Artist statement from the spring of 2014: “When I first started photographing the Pugh family in the Fall of 2012, I was focusing on Dave Pugh, who has been battling Stage IV Thymic Cancer since 2009. But since then, the story of the Pugh family has progressed and shifted to his wife, Alicia, who was diagnosed with breast cancer in the fall of 2013 and has already had a double mastectomy to remove both of her breasts and she has completed 4 out of 4 of her chemotherapy treatments in 2014. She is well on her way to recovery but she is taking this one day at a time, fighting and continuing to push forward with her life.
When I started photographing them the second time my vision for the project shifted slightly to their son, Drake. I wanted to capture how he has been dealing with both of his parents illnesses and how he deals with this constant worry of how long his mom and dad may be around. I tried to put myself into his shoes and think about what I would be like if I was a fourth grader dealing with this situation with my family. And I honestly have no words on what I would feel, how I would act, or how I could ever accept what was going on or what could happen on any given day. So I started photographing Drake on a daily basis and how he interacted with his mother and father and how he spent his time after he got home from school.
I realized he participates in a lot of physical activities, mainly playing basketball. Alicia told me that that is his therapy every single day, and it showed, you can tell he lets out aggression. He lets out frustrations and lets out all of the days worries when he chunks the basketball at his hoop. You can see it in his body language, how this helps with his attitude and well-being every single day. I also noticed that Dave has been a lot less active while I was photographing this time. During 2012 I followed him to work and saw him out of the house a lot. And this time around he was laying in his chair 99% of the time and I really mean that his corner of the house turned into his entire corner of the world. That was his life is in that chair and I hated to witness that this time. I could tell in 2012 just how much joy going to work brought him and now that he can’t, it really is such a tragedy that was very had for me to photograph him. But with that being said I noticed how much him and Drake interact. Dave helps him exercise every single day and they also have mini “boxing matches” together which I could look at Dave and see that joy reappear and that light in his eyes come back for at least a few minutes and it was so incredible to witness how much Dave loves his son and his family. I can see that it brings him so much happiness and I think a lot of my photographs captured him in that light.”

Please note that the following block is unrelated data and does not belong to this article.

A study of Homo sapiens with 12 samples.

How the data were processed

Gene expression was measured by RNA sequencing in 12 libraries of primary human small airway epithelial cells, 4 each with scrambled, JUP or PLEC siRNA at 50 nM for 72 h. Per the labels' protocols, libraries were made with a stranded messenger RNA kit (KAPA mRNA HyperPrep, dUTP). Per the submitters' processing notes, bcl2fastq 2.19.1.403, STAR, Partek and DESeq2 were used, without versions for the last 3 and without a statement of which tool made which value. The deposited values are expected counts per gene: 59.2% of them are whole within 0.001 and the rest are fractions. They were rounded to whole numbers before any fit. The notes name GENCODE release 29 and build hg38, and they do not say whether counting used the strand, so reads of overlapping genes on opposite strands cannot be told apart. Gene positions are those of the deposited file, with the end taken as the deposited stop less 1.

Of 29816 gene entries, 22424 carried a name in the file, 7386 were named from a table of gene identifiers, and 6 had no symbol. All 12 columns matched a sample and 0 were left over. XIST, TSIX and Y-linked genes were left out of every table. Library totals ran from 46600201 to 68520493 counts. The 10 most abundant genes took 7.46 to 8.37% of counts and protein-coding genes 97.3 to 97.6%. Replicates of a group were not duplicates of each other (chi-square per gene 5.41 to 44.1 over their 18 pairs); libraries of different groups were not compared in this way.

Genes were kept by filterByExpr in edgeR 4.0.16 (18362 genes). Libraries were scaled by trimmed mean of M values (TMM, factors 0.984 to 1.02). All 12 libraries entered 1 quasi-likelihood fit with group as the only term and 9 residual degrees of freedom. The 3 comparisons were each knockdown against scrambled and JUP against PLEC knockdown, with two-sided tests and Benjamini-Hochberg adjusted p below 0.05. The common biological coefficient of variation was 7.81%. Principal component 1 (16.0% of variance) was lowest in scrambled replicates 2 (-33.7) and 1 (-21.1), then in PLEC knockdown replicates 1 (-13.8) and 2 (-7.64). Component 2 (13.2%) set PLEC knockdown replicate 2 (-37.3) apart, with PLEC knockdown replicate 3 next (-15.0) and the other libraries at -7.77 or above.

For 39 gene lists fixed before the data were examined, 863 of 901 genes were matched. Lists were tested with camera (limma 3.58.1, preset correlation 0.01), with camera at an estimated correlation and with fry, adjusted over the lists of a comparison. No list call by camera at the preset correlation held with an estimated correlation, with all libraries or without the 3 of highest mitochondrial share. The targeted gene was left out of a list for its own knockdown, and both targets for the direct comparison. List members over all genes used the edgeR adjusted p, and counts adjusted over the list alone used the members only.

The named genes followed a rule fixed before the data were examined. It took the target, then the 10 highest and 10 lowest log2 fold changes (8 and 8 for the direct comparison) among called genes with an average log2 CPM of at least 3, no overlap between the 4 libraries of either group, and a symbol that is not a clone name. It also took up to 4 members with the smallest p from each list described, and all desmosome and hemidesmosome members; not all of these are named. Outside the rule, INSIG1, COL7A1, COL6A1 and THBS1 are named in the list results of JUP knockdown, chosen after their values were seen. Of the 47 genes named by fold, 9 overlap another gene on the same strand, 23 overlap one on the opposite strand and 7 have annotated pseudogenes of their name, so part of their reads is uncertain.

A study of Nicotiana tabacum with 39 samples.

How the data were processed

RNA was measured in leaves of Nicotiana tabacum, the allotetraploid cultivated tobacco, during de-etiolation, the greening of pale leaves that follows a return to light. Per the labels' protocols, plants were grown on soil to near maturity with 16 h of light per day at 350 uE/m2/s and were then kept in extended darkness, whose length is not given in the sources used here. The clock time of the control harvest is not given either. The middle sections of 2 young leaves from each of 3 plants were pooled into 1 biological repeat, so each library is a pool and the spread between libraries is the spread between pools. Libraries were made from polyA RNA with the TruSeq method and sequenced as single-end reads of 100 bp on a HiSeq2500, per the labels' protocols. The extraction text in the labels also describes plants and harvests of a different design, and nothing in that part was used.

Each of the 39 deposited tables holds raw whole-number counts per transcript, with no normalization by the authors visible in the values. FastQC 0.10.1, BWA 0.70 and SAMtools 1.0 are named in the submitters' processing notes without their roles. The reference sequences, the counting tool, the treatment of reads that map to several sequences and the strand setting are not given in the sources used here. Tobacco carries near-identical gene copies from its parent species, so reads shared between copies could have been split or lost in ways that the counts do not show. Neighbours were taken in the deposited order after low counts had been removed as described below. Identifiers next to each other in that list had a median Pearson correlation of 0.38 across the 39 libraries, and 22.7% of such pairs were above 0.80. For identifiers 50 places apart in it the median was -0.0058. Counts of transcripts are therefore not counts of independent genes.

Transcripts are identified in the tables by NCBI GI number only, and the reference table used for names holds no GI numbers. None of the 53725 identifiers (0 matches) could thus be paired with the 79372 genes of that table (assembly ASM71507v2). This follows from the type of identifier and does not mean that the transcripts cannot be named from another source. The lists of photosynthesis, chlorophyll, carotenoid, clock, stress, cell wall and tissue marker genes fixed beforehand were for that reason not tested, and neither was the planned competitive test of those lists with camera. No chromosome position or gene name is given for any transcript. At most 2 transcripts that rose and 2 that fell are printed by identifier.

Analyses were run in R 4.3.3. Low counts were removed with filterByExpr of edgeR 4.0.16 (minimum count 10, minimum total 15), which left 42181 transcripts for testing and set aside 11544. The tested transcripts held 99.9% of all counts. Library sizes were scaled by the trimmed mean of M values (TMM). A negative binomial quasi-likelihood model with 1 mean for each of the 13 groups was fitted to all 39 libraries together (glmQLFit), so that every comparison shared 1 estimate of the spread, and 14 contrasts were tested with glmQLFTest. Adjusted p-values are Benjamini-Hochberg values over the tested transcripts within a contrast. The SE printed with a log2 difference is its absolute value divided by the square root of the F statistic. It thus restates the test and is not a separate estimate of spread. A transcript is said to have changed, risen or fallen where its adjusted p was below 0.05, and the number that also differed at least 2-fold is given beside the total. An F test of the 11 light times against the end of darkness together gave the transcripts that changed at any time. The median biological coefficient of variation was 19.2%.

Upon writing this, it’s now September 30th, 2015, just over one year since Dave passed away. It’s with a heavy heart that I share these photographs with you all. I never took this project lightly and I still don’t know if I should even share these photographs with you all, but I wanted to tell this amazing story about a man who gave it all he had to fight this disease and in the process loved his son and his wife with all of his heart.